Like other major industries, 21st-century banking has been dramatically transformed by technology and innovation. For an industry that is intrinsically unsteady and cyclical in nature, this technology-driven change is the one constant, and most experts agree that industry-shaking shifts are unlikely to disappear in the immediate future. In fact, 2020 and beyond will bring even greater changes, as the digital revolution, the need for greater compliance and regulation, mounting competition from non-traditional avenues, and an ever-evolving consumer base force banks to fundamentally alter the ways they do business. Here are 5 of the biggest trends that banks must embrace to stay competitive in the coming decades:
- Digitization across the entire organization
Traditionally, banks digitized their front-end operations, with the back and middle offices remaining nothing more than an afterthought. But this approach carries significant drawbacks, and banks must go beyond window dressing and the appearance of outward efficiency to address how they operate from the inside-out. Many back-end processes are still paper-based and manual in nature. They are firmly entrenched in legacy systems and technology, powering processes that are slow, time-consuming, unadaptable to innovations, and incapable of providing the seamless experience that customers demand. These legacy systems are also costly to maintain, absorbing up to 75% of the IT budget, according to a study conducted by Science Direct. Banks must make a concerted effort to clean up inefficient back and middle-office protocols given the large impact they can have on the customer experience and ultimately, the bottom-line.
- An artificially intelligent Center of Excellence (CoE)
Entering this next decade, banks face a myriad of complex challenges. Digitally-empowered consumers are choice-driven and tech-savvy. Their loyalty can no longer be taken for granted. At the same time, calls for greater regulation and transparency are increasing, placing a greater burden on the financial services industry as a whole. And non-traditional financial operators are emerging, creating more competition and making the previous two challenges even more acute. Therefore, the need of the hour is to create operating frameworks that provide exhaustive capabilities in the form of real-time business intelligence and innovative technologies. That way, banks can keep up with a highly disruptive digital environment. Combined with the need for regulatory compliance, these factors require the creation of an Artificial Intelligence (AI) CoE. An AI-enabled CoE takes a financial services organization’s strategy one step further by providing increased agility at a fraction of the cost. It does so with minimal disruption while facilitating management’s ability to focus on potential opportunities, make decisions based on real-time intelligence, and enhance speed to market.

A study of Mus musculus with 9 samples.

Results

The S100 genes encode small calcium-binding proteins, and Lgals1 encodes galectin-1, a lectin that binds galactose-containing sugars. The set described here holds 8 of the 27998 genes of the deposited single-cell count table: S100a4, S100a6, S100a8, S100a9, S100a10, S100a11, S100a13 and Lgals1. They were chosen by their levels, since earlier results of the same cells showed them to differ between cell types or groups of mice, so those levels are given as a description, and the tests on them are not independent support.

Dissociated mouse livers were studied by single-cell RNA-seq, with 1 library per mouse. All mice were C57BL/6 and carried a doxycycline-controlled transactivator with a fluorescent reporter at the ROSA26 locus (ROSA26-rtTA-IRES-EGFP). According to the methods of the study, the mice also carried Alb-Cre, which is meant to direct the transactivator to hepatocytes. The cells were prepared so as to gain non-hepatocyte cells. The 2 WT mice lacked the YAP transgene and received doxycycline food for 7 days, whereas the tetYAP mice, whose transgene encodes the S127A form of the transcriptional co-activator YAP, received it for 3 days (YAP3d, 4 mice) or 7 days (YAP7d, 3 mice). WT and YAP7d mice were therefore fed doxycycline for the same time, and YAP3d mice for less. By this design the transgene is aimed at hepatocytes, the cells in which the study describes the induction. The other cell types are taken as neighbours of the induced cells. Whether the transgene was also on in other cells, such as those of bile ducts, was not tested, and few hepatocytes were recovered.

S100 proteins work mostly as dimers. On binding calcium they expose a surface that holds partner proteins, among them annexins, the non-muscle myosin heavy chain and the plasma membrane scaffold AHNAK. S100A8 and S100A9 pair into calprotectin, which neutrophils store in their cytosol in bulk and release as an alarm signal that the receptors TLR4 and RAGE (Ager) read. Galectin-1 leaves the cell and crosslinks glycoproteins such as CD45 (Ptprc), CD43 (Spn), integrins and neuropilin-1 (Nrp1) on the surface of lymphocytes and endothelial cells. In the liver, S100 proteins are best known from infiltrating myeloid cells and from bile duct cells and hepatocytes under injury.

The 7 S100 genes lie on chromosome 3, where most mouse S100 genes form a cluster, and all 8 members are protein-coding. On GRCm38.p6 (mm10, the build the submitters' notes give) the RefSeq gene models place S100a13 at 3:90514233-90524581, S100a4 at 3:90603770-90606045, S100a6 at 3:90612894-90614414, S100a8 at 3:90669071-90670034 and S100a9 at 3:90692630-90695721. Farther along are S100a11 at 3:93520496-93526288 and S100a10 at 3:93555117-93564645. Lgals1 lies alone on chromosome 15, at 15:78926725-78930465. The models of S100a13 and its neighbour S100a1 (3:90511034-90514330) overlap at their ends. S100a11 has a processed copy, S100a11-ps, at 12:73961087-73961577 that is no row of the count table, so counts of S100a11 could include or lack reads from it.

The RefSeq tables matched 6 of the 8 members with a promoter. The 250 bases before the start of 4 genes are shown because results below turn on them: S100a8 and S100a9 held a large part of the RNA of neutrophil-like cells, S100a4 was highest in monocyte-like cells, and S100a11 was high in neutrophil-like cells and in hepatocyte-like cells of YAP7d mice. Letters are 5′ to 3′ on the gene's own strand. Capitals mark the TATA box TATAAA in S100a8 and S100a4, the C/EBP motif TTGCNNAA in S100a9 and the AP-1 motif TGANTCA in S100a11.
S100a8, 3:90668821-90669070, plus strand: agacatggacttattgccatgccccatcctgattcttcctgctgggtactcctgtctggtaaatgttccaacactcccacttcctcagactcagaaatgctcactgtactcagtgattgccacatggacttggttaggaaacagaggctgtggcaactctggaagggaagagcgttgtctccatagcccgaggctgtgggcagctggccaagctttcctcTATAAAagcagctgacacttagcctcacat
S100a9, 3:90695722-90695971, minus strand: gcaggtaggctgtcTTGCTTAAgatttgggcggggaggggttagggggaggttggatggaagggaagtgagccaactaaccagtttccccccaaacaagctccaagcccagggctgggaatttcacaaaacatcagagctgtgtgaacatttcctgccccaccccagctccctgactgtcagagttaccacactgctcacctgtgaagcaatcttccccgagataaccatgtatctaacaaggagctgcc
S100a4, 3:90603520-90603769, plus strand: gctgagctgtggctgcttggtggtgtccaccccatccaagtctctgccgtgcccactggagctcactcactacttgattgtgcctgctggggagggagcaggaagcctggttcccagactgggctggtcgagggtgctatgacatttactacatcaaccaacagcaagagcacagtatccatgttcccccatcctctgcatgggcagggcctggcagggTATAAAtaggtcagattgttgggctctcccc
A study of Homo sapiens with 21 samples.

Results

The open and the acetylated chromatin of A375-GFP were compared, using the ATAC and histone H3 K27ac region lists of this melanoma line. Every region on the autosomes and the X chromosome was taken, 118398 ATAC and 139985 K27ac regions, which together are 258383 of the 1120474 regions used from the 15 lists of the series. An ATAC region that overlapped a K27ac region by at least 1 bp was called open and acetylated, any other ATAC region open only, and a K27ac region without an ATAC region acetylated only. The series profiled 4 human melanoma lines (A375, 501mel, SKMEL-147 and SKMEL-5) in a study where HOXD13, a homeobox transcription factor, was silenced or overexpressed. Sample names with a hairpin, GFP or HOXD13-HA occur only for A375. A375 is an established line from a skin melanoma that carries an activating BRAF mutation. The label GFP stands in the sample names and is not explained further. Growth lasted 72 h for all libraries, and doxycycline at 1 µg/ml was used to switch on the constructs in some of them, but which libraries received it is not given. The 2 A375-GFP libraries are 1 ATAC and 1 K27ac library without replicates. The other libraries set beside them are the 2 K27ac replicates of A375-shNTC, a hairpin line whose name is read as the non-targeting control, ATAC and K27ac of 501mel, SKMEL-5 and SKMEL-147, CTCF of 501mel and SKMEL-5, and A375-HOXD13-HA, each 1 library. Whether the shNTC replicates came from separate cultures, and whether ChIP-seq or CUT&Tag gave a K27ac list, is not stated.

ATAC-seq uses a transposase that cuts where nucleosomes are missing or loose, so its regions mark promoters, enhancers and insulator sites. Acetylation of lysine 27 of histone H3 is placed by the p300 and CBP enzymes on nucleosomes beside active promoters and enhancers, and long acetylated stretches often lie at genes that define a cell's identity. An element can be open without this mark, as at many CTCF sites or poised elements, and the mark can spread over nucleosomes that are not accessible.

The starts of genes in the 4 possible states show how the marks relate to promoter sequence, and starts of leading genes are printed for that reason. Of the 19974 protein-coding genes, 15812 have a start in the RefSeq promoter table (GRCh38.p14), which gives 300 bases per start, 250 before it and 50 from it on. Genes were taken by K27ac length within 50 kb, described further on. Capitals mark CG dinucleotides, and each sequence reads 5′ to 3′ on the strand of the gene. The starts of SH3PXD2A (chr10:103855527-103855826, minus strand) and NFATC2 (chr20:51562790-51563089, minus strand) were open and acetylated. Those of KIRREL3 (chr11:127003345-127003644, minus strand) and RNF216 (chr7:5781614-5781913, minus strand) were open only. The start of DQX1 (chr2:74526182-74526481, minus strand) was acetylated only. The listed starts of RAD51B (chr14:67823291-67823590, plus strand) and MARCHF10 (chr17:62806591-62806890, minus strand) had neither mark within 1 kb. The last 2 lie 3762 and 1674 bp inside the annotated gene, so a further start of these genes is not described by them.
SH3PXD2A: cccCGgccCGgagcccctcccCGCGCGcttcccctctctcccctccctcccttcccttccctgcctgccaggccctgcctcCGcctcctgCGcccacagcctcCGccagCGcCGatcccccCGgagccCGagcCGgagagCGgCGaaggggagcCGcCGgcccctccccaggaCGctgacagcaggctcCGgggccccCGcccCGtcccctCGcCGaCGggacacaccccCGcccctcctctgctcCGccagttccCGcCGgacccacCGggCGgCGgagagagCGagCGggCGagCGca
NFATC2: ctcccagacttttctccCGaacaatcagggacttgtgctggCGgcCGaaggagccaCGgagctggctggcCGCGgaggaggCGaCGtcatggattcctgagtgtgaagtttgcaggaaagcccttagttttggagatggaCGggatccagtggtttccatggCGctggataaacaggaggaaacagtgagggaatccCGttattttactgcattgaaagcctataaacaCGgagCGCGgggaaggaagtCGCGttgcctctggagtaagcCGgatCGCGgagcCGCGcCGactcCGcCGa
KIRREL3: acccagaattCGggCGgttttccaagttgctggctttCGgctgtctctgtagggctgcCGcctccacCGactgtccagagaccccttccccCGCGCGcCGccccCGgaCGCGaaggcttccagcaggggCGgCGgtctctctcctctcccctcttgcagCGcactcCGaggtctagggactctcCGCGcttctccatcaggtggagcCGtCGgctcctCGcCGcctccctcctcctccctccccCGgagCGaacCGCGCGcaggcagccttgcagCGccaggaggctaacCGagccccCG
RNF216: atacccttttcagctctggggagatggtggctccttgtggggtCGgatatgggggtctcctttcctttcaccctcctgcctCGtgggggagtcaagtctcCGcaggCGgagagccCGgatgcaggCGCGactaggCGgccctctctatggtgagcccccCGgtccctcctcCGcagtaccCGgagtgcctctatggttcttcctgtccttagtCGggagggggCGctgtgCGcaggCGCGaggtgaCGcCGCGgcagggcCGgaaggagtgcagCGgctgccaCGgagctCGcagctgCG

- The adoption of open banking
The current global marketplace is progressing incrementally toward a shared economy model, with open banking one of its more organic outcomes. The key concerns continue to be consumer data protection and privacy and regulatory frameworks thereof, risk mitigation and fraud prevention, standardization of the API process, and the maintaining of a mutually beneficial relationship between banks and third-party providers (TPPs). With consumers becoming increasingly choice-driven and the need for product differentiation and innovation omnipresent, banks can no longer afford to stay stagnant. Open banking is a growing trend, one that shows no signs of abating any time soon.
- Leveraging the data explosion powered by 5G, IoT, and Cloud technologies
5G, IoT (Internet of Things) and cloud technologies allow banks to use and leverage data in exciting, innovative ways. 5G offers high-speed, real-time data transmission, which, together with IoT within a Cloud infrastructure, has the potential for multiple applications within the context of banking services. For example, these cutting-edge technologies enable remote account management from virtually any digital touchpoint, smarter management of collaterals, automated payment through things, and seamless onboarding of customers and their know your customer (KYC) information.
- The leadership of workforce transformation
While people will continue to be the dominant force behind the bank’s core operational activities, the next decade is set to see a larger integration of digitization in the way employees are hired, managed, and ultimately, perform. Systems will be deployed to improve efficiency, thus elimina ting the need for employees to deal with low-level repetitive tasks and shifting their focus to people-oriented assignments. The onus will be on banks to lead workforce transformations that blend people, processes, and emerging technology in a seamless fashion with the goal of fulfilling and aligning more squarely with organizational objectives. Solid investments in this area can help create a performance-oriented culture and provide banks with a formidable competitive advantage moving forward.